Harry has seen Oliver Stone's WORLD TRADE CENTER...
Watching WORLD TRADE CENTER, I didn’t come away with any metaphors about what’s happening in our world today. It isn’t a subversive film with hidden agendas. There are no digs at that fearless leader that was/is running this country. There really isn’t any anger or hatred in the film, and at no point did I feel anger or hatred. In fact, there’s no mention of Al Qaeda, no mention of Islamic Fundamentalists. No blame assigned, none of that.
WORLD TRADE CENTER is about one of the downright scariest, most terrifying moments in U.S. History. It’s about men that wanted to help, but before they could help one single person, they found themselves beneath tons of rubble, in excruciating agony and torment… with little to no hope of survival. It is also about the utter helplessness of their wives waiting for word, unable to go to the scene, to aid in the search.
I should warn you, this is an intensely emotional film. There are very few moments of levity. At its heart – it’s a story of wading through despair and putting your faith in people you can’t see or know are coming. About staying awake through pain, of facing and resolving that you’re going to die, to find yourself alive… again. Of how Viggo Mortensen quotes from G.I. JANE are the most useful phrases in the world, when buried beneath tons of rubble.
I really didn’t want to see this film. I really had no hope for the movie. The trailers looked like a bad time. Let’s face it, we know the story. This event, that day, that place… it fucked up the whole world. It’s the foundation for why everything is so goddamn fucked up. I’m sick and fucking tired of 9/11 being invoked, because the rotten sons-a-bitches that put it on shields to hide behind and justify horrors after horrors… make me want to puke. The baggage of this series of events… it’s more than any movie can really hold.
Like many of you, I was awake and watching the gut-wrenching thing live. I sat there… in horror as the towers fell. Tears rolling down my face as two buildings that I never liked fell, because just looking at it, you knew… tens of thousands were dying. I’d seen Las Vegas casinos implode, but not with the idea that anyone was inside. This. This was a horrible memory, and honestly – I didn’t want to relive it at GROUND ZERO.
All of that said, there’s something amazing that happens watching this film. Well, especially watching this film clutched to someone you love. I highly recommend, if you see this film. See it with someone you can hold on to. Then pray to God you never have to go through anything like this with them in reality.
This isn’t the worst thing you’d ever have to face. There’s grimmer subjects. SOPHIE’S CHOICE comes to mind. The Holocaust. Cancer. AIDS. Watching your loved one die painfully. Ultimately, for the characters in this film… while the events were traumatically indescribable… they survived. 2, 749 died, this is the story about 2 of 20 that survived.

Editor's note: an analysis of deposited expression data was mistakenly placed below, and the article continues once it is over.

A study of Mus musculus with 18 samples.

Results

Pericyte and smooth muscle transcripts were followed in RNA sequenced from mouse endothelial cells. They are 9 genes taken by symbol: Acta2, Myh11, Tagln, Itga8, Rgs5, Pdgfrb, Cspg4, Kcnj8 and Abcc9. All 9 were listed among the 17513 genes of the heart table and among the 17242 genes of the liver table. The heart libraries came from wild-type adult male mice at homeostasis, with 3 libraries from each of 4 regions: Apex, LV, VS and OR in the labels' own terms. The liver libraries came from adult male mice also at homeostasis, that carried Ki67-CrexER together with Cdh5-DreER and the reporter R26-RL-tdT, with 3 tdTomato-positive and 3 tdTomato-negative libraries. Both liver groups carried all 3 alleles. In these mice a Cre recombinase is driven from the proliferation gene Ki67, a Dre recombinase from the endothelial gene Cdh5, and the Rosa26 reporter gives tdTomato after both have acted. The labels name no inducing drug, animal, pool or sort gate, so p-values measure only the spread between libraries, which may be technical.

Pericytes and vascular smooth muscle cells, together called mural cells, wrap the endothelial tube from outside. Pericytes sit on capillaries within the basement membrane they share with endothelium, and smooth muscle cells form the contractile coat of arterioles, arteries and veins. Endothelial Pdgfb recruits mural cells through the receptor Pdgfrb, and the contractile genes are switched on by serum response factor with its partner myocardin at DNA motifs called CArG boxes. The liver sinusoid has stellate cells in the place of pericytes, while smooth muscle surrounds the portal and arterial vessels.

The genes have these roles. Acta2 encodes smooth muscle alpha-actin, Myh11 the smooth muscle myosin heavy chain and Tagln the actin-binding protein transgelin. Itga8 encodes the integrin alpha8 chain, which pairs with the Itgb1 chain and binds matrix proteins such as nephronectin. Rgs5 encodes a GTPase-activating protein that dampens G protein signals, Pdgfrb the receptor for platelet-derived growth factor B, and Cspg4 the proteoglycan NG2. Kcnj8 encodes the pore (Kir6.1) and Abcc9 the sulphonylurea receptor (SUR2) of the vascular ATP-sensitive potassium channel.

So, is that reaffirming? Is the film cathartic?
Yes. It felt good to leave that theater, to look into the face of the person I loved. Hugging her felt so good after this film. It’s hard to describe.
When the world ends in this film… When the first tower comes down – it’s… I can not describe the fury of it. The madness. Yet in that, “SKY IS FALLING” blink – the man, John McLoughlin, that Nicolas Cage is playing. He directed his men to run into the Elevator shaft area. He knew to do that. In that… bit of madness, he thought to direct his fellow men into the one place where there was a possibility of survival. The first collapsing of the building… was shocking. A fury. A maelstrom.
We stay with Nicolas Cage, Michael Pena and Jay Hernandez. There’s survival. Then the second tower fell. Mind you, they’ve NO IDEA what is happening. To them – this was the concourse collapsing. It was impossible for their minds to grasp what they were actually surviving. It is just… well… the end of the world.
The second tower falling experience just produced an eruption of tears and horror. It. It just, you can’t imagine. Stone doesn’t spare us the horror. I can’t imagine McLoughlin and Jimeno advising on this film. Of sitting down with Oliver Stone and going back in their minds to the moment and describing for him the nightmare… no, the reality that they experienced. This is as close as once can imagine the experience of SURVIVING being buried alive beneath the World Trade Center could be.
It’s a horror that no amount of reading CASK OF AMONTILLADO or PREMATURE BURIAL could ever bring you.
Why see the film? I know I’m not describing a good time here.
Well, through it all… there’s the hope that some fucking crazy ass marine… motivated by God and his deep spiritual sense of duty… will travel hundreds of miles to stand 20 feet above you, look through the rubble and hear you. The moment of discovery. I really can’t… I don’t… As I’m revisiting the moment in my mind here, tears are coming to my eyes – cuz it’s a moment of such release in the film. When you hear what that crazy looking marine apparently said to these two through the rubble… it feels so unbelievably pat, that it is joyous. So fucking amazing. It’s like the fucking Death Star exploded, like the cavalry arrived, like inevitable death could be cheated. That the possibility of survival wasn’t some clingy hope, but a reality.
It’s amazing. Just amazing. Easily one of the most joyous moments I’ve had in a film came when that Marine said what he said, and the look on Michael Pena’s Jimeno’s face. It’s just euphoric beyond anything you could imagine.
This isn’t an easy film for an audience to get through, but would you want it to be? In a world where helplessness and hopelessness continues to grab a hold of us as the whole world seems to be going mad, a film about hope, prayers answered and faith in your fellow man… that’s really something special, you should remember it. You should experience it.